Driven by consumer choice, the U.S. organic industry grew by 9.5 percent overall in 2011 to reach $31.5 billion in sales. Of this, the organic food and beverage sector was valued at $29.22 billion, while the organic non-food sector reached $2.2 billion, according to findings from the Organic Trade Association’s (OTA’s) 2012 Organic Industry Survey. These and other organic-related statistics (see the accompanying info-graphic) are being discussed this week in conjunction with the trade association’s 2012 Policy Conference and Hill Visit Days here in Washington.
“The U.S. organic sector continues to show steady and healthy growth, growing overall by 9.5 percent during 2011, and, for the first time, surpassing the $30 billion mark,” said Christine Bushway, OTA’s Executive Director and CEO.
She added, “Consumers are increasingly engaged and discerning when they shop, making decisions based on their values and awareness about health and environmental concerns. For them, it matters whether foods are genetically engineered, or produced using practices that are good for their families. Price is still an issue, but with the wide availability of private label products and many venues for organic products, they have many choices for where to shop and a variety of products from which to choose.”
Overall organic product sales growth of 9.5 percent continued to outpace total sales of comparable conventionally produced food and non-food items, which experienced 4.7 percent growth. The growth in organic sales is proof the consumer is willing to pay for value-added products.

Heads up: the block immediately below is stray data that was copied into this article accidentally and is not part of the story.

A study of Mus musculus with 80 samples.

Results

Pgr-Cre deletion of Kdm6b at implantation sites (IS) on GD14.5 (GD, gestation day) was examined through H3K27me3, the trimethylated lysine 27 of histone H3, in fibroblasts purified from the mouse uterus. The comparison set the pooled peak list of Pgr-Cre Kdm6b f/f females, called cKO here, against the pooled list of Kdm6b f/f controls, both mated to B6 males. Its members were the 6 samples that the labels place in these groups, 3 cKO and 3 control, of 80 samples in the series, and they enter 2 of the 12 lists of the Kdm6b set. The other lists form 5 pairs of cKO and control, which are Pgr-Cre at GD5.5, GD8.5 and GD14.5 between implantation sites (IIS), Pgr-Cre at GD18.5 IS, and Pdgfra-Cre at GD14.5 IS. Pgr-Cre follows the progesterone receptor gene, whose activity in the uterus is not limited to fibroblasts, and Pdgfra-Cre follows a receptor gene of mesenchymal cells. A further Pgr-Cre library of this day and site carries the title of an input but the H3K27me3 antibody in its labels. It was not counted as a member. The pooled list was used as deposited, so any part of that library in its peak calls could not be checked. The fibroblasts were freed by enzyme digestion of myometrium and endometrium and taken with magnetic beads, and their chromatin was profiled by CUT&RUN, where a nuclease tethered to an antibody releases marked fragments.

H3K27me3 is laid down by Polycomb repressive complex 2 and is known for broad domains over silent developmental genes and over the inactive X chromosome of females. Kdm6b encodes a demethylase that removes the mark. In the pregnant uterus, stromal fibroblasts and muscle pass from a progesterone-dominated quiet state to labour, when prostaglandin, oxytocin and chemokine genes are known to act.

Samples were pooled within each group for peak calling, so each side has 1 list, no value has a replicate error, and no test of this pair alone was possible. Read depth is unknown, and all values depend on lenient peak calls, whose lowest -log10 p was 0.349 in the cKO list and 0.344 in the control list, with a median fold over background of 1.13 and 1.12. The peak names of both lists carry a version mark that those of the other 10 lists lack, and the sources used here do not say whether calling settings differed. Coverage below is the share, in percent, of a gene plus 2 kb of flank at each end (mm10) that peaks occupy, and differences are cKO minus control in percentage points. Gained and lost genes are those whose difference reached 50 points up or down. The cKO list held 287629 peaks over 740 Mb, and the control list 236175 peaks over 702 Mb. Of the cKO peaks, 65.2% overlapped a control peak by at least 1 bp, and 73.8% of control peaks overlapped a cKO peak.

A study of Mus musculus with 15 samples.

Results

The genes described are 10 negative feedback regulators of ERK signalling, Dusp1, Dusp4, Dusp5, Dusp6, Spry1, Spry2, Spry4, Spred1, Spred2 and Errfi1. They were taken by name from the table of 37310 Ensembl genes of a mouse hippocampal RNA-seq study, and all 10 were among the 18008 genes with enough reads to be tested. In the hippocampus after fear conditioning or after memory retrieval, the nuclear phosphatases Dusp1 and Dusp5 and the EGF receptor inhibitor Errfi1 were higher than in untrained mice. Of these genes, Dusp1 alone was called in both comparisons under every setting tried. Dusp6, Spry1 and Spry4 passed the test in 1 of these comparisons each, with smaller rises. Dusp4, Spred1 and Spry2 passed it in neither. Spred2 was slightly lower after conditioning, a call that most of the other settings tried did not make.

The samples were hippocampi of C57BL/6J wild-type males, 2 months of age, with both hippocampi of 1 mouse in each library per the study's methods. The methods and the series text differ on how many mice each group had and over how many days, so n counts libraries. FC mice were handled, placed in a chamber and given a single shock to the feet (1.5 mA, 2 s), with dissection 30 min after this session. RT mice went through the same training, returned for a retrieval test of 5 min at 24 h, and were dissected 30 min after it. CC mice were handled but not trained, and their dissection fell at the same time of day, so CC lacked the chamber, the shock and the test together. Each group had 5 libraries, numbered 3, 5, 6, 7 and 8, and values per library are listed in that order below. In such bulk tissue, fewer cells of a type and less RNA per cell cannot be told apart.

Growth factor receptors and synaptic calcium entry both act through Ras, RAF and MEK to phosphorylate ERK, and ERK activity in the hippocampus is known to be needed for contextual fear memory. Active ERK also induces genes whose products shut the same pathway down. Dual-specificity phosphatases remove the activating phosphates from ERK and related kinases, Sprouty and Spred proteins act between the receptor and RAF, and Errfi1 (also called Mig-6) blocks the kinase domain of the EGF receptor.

Organic food sales experienced 9.4 percent growth in 2011. The easing of the recession, consumer price inflation due to input price increases, and consumers’ increasing desire for convenience products were all factors that elevated growth for the year. The organic food sector grew by $2.5 billion during 2011, with the fruit and vegetable category contributing close to 50 percent of those new dollars. The fastest-growing sector was the meat, fish & poultry category, posting 13 percent growth over 2010 sales, but still remaining the smallest of the eight organic food categories.
Organic food sales now represent 4.2 percent of all U.S. food sales, up from 4 percent in 2010.
Meanwhile, organic non-food sales, which reached $2.2 billion in 2011, experienced strong 11 percent growth, while total comparable non-organic items grew only 5 percent.
Prospects for 2012 and 2013, as indicated through the 2012 survey results, indicate that organic food and non-food sales will continue to sustain growth levels of nine percent or higher.
“With 94 percent of organic operations nationwide planning to maintain or increase employment in 2012, the organic sector will continue to fuel jobs, rural economies and consumer choice,” said Bushway.